Executives of major pharmaceutical companies, including Amgen, Eli Lilly, Pfizer, and Sanofi, are targeting a group of Republican senators who are considering a bill that would lower drug costs, according to a report published in STAT. The bill could cause the drug companies to lose a projected $85 billion in revenue over the next decade.
In the last year, Robert Bradway of Amgen has made $60,000 in private donations to Republican Senate candidates, David Ricks of Eli Lilly has given $30,000 to Senate Majority Leader Mitch McConnell (R-KY), and Albert Bourla of Pfizer and Olivier Brandicourt, formerly of Sanofi, contributed more than $15,000 each to Senators John Cornyn (R-TX), Thom Tillis (R-NC), Cory Gardner (R-CO), and Chris Coons (D-DE). Many of these contributions came a week after the Senate Finance Committee asked seven pharmaceutical industry executives to testify about high list prices for drugs on Capitol Hill.
“It’s clear that these CEOs are trying to make sure that Republican candidates who might act on this issue choose not to take it up,” said Bob Blendon, ScD, professor of political science and health policy at the Harvard T.H. Chan School of Public Health.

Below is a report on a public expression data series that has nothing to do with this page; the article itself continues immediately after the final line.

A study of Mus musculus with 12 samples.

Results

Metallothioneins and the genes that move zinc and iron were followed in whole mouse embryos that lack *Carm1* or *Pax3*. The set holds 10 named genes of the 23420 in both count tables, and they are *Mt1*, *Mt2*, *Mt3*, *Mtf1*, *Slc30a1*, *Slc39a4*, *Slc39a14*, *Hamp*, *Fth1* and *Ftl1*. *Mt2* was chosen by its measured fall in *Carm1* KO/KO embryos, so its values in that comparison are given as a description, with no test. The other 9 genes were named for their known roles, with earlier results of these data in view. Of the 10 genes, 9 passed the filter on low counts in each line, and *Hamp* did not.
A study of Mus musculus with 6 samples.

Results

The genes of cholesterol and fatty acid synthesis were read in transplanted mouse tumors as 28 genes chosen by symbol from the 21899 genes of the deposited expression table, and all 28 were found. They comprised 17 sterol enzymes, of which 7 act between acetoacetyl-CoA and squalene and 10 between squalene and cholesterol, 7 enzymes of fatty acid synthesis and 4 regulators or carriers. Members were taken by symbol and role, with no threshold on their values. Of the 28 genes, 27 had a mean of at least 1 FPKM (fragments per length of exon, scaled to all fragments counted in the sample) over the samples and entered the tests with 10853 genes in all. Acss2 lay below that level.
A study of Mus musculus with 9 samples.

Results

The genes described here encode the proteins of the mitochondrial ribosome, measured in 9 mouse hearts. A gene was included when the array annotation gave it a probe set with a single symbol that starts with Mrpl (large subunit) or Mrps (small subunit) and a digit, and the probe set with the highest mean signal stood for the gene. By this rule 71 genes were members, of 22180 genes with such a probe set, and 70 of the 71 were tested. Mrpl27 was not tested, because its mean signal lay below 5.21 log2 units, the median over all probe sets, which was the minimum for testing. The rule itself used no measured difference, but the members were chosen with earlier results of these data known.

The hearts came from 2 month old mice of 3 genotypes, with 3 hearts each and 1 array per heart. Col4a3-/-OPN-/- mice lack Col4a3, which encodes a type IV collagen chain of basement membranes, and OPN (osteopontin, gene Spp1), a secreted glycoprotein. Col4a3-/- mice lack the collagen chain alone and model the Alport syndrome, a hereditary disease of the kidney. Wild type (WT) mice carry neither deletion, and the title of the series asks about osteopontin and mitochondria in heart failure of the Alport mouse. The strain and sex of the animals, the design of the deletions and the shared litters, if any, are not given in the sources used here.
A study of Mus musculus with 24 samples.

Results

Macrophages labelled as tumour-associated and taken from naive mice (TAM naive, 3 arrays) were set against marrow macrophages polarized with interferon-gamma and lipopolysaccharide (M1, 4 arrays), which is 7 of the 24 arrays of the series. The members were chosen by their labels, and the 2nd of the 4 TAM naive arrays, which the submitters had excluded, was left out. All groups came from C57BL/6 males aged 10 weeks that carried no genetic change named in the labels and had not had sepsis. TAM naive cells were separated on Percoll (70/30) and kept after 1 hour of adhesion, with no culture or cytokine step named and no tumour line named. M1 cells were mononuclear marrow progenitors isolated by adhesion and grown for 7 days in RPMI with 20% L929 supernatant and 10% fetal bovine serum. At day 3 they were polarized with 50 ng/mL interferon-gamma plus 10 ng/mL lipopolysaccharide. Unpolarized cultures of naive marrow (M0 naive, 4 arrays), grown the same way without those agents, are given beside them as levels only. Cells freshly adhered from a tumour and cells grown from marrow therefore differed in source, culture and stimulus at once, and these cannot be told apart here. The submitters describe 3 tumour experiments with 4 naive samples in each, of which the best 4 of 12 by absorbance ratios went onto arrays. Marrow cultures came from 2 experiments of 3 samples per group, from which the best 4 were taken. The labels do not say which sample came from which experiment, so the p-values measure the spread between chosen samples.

“Drug companies are fighting tooth and nail to shape legislation in the Senate, so it’s not surprising they’re directing money at the candidates who need it most and support their agenda,” said Sheila Krumholz, executive director of the Center for Responsive Politics, a Washington, D.C. nonprofit tracking political spending.
In recent elections, pharmaceutical CEOs have primarily contributed to Republican lawmakers. Most Democratic candidates have pledged to refuse money from corporate political action committees.